Oh dear – it looks like the issue of diesel scrappage is on the agenda again. According to a story by the BBC, drivers could be offered up to £2000 to chop in their old cars. Unlike the earlier scrappage scheme, which was instigated to keep the motor industry turning in the midst of the Global Financial Crisis, this time, it’s all about clean air and the health of city dwellers.
Of course, there’s a compelling case to clean up the cities. There’s no denying that air quality is not getting better, despite cars seemingly getting cleaner – but that’s because they’re putting out less CO2, while the particulates and NOx remained pretty much unchanged, while the number of cars on the road escalated.
The BBC says, ‘diesel cars emit nitrogen oxides linked to lung conditions such as asthma, with older models said to be particularly polluting. The UK had almost 12,000 premature deaths linked to nitrogen dioxide in 2013, according to the European Environment Agency. That was the second-highest total in Europe after Italy.’
The car industry did it to itself
And with 11.2 million diesel cars on UK roads, 17 per cent of which are more than 12 years old, it’s obvious that these aging cars are going to be targeted. Of course, the car industry did itself no favours, with the Volkswagen Group being caught with its pants down and dragged through Dieselgate. And with that, a generation of car buyers had their trust in the industry eroded – and, more precisely, challenge the misguided belief that diesel was good.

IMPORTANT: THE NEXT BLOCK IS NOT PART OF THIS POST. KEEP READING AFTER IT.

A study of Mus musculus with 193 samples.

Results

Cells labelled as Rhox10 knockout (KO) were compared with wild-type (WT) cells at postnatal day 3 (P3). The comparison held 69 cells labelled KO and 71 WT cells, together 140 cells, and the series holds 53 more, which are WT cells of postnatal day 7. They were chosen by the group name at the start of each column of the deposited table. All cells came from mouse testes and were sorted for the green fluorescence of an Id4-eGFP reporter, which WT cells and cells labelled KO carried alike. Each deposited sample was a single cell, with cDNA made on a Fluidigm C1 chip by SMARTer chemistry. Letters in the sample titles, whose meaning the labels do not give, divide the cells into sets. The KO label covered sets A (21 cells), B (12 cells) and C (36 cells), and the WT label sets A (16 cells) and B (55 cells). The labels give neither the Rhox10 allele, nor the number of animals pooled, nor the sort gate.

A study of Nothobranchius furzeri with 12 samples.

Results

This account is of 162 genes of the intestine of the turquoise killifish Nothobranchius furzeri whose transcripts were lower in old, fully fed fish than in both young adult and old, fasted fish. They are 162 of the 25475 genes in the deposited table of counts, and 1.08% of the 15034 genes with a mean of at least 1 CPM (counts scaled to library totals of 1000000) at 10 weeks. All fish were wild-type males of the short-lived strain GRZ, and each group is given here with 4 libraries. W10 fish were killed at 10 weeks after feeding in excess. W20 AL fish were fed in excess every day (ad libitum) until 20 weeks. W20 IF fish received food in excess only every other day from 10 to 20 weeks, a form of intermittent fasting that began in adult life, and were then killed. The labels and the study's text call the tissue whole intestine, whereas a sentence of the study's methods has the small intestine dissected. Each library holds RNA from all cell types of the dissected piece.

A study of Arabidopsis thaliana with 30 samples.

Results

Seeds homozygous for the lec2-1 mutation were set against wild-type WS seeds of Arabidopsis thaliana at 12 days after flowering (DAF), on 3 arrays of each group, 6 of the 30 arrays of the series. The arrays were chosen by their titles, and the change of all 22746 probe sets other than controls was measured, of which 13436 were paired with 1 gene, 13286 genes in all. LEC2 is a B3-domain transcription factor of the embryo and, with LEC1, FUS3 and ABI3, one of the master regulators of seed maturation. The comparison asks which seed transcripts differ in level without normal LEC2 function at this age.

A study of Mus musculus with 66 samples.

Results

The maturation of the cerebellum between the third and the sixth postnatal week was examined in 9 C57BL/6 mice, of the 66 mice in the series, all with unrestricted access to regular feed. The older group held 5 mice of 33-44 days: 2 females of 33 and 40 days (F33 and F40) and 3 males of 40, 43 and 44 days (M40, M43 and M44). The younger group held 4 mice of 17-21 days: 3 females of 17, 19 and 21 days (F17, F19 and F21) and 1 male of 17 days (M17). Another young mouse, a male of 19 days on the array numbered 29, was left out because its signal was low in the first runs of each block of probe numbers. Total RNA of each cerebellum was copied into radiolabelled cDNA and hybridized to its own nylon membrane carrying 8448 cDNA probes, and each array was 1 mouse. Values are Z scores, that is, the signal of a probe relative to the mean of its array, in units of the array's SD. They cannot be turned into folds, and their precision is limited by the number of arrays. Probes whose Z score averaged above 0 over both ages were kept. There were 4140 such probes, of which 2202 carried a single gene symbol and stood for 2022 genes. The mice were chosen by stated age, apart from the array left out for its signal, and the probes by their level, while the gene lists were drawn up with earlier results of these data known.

After all, the Government, the taxman, told them it was.
Scrappage will happen again, and if it means air quality in the cities is improved then this is a good thing. Extra air pollution, over and above test figures, from Volkswagen diesels in Germany is thought to have produced 1200 early deaths between 2008 and 2015. It’s not just the cars – blame owners who don’t service, or even use, their cars properly.
A recent French Government study found that four out of 52 diesel cars met emission limits, and half those in Dutch tests showed ‘non-standard’ behaviour. Dieselgate, yeah. But it’s more than that.
So it’s a good thing, yeah?
Well, no. Just as in 2008-2009, I find myself utterly against the use of scrappage as a blunt instrument to change the shape of the nation’s car parc. What will happen? We’ll end up with airfields of more discarded cars, many with lots of useful life left in them. We’ll end up with families buying cars on credit that they won’t be able to replace when interest rates go up – which they will.
It’ll completely destroy the supply of well-priced used cars in a few years’ time. And, once again, it will reinforce the contemporary view that disposability is good, and cars are disposable white goods that should be replaced every three years. It’s against the real truth, which is that if you want to preach the environmental message, encourage ethical use of older cars, keep them well serviced and use them for longer.
And maybe slow down the sausage machine churning out tens and tens of millions of new cars across Europe every year.